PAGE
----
The nation’s top banking regulator has finalized, effective Jan. 28, its September-proposed increase from $50 billion to $250 billion in the threshold asset size of banking institutions subject to the agency’s enforceable recovery planning guidelines, according to a Federal Register notice published Thursday.
The aim of the recovery guidelines is to help banks plan for quick, effective recoveries from the financial effects of severe stress. The asset-size threshold change effectively reduces from 25 to eight the total number of banks subject to the guidelines, according to the Office of the Comptroller of the Currency (OCC) and based on the latest data available to the agency.
Since the change will be in effect soon, OCC says it “would not expect banks with less than $250 billion in average total consolidated assets to complete the annual process for review by management and review and approval by the board of their 2018 recovery plans or to begin preparing a 2019 recovery plan,” according to the notice. (This was in response to one commenter’s urging that the agency to immediately clarify that banks below the new threshold will not be expected to provide recovery plans under the final guidelines on or after Jan. 1, 2019.)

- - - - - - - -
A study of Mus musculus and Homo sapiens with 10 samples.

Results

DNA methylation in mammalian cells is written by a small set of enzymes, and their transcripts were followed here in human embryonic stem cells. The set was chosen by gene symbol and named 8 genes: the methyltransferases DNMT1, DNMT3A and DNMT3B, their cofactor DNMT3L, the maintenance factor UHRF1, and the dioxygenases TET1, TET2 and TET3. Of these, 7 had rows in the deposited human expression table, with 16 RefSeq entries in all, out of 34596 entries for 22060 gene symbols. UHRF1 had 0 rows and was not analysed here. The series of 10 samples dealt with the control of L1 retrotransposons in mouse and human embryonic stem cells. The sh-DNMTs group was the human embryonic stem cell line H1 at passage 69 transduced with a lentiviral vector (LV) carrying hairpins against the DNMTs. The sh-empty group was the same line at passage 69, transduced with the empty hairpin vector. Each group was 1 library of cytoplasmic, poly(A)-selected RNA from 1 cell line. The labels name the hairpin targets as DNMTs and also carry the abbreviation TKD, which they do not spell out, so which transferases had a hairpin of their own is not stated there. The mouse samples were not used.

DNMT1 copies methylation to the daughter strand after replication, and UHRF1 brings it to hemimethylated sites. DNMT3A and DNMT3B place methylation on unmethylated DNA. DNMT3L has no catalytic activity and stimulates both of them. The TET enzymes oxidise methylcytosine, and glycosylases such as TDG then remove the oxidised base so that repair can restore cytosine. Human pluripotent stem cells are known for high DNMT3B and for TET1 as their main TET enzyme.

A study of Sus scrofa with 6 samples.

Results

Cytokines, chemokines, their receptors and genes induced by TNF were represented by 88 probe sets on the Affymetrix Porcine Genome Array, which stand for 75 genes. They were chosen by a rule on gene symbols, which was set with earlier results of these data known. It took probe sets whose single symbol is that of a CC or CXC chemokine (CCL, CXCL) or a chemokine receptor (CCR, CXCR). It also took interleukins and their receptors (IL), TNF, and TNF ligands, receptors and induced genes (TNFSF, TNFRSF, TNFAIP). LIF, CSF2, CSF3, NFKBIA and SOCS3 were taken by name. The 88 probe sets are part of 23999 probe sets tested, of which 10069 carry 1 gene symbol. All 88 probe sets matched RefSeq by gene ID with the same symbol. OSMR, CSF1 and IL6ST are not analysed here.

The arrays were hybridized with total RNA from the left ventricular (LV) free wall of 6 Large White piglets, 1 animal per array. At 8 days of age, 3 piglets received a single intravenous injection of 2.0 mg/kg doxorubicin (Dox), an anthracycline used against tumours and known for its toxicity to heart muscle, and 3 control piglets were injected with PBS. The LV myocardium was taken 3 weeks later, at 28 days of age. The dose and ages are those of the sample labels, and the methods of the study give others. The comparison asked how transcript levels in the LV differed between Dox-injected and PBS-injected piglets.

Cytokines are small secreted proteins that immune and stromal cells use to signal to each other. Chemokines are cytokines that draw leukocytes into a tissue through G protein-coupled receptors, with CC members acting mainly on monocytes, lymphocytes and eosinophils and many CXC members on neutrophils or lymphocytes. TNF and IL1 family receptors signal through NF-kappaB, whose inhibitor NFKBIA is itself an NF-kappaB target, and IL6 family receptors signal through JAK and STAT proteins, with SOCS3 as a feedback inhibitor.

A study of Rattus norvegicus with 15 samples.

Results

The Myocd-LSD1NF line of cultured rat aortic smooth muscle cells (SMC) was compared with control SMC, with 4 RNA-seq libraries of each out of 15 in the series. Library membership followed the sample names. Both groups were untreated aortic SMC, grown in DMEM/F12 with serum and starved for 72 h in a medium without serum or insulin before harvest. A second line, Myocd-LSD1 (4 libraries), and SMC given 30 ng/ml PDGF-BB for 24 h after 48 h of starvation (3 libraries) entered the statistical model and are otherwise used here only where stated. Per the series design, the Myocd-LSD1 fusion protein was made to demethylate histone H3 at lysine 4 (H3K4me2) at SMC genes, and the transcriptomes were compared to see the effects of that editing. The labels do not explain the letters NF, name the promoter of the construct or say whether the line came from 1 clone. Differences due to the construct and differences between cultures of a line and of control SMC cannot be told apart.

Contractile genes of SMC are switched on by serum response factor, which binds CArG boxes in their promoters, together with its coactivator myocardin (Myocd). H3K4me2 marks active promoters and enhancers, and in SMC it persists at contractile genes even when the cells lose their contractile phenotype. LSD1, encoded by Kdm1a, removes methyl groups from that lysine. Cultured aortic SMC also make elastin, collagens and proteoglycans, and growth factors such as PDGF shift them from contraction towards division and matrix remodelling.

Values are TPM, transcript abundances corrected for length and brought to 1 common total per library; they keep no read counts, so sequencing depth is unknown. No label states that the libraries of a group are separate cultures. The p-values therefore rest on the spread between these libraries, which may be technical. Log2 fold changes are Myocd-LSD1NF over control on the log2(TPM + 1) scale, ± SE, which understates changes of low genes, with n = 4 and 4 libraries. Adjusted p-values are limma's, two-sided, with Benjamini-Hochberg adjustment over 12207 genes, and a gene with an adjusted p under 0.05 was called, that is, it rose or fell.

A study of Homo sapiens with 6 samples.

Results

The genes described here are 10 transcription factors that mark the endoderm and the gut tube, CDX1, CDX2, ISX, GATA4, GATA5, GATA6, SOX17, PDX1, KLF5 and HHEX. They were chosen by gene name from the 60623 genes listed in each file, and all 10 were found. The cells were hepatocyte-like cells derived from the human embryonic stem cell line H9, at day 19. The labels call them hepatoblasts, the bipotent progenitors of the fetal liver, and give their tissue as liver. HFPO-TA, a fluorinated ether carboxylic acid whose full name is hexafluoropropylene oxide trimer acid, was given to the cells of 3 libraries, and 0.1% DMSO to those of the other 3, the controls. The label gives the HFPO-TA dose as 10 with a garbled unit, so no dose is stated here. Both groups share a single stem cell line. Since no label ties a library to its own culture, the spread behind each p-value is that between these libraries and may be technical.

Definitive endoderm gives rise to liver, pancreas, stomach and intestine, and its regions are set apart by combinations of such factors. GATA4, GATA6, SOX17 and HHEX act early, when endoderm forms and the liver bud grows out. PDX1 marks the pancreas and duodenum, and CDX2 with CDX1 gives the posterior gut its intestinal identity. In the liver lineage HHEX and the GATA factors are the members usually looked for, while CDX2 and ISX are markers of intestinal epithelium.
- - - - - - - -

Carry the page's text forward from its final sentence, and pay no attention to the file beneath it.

Under the guidelines, “average total consolidated assets” means “average total consolidated assets of the bank or covered bank as reported on the bank’s or covered bank’s consolidated reports of condition and income for the four most recent consecutive quarters,” the notice says. The final guidelines also, and as proposed, reduce from 18 months to 12 months the amount of time a bank would have to comply with the guidelines once it becomes subject to them.
The guidelines set minimum standards for recovery planning by insured national banks, insured federal savings associations, and insured federal branches of foreign banks. Based on its experience reviewing recovery plans, OCC says raising the asset threshold to $250 billion captures the larger, more complex, or potentially more interconnected banks that “present the types of risks that could benefit most from having the types of governance and planning processes that identify and assist in responding to significant stress events,” the agency says. It also corresponds with the increase to $250 billion in the asset threshold for banks subject to living will (resolution plan) requirements under this year’s Economic Growth, Regulatory Relief, and Consumer Protection Act (EGRRCPA, S. 2155), OCC says in its notice.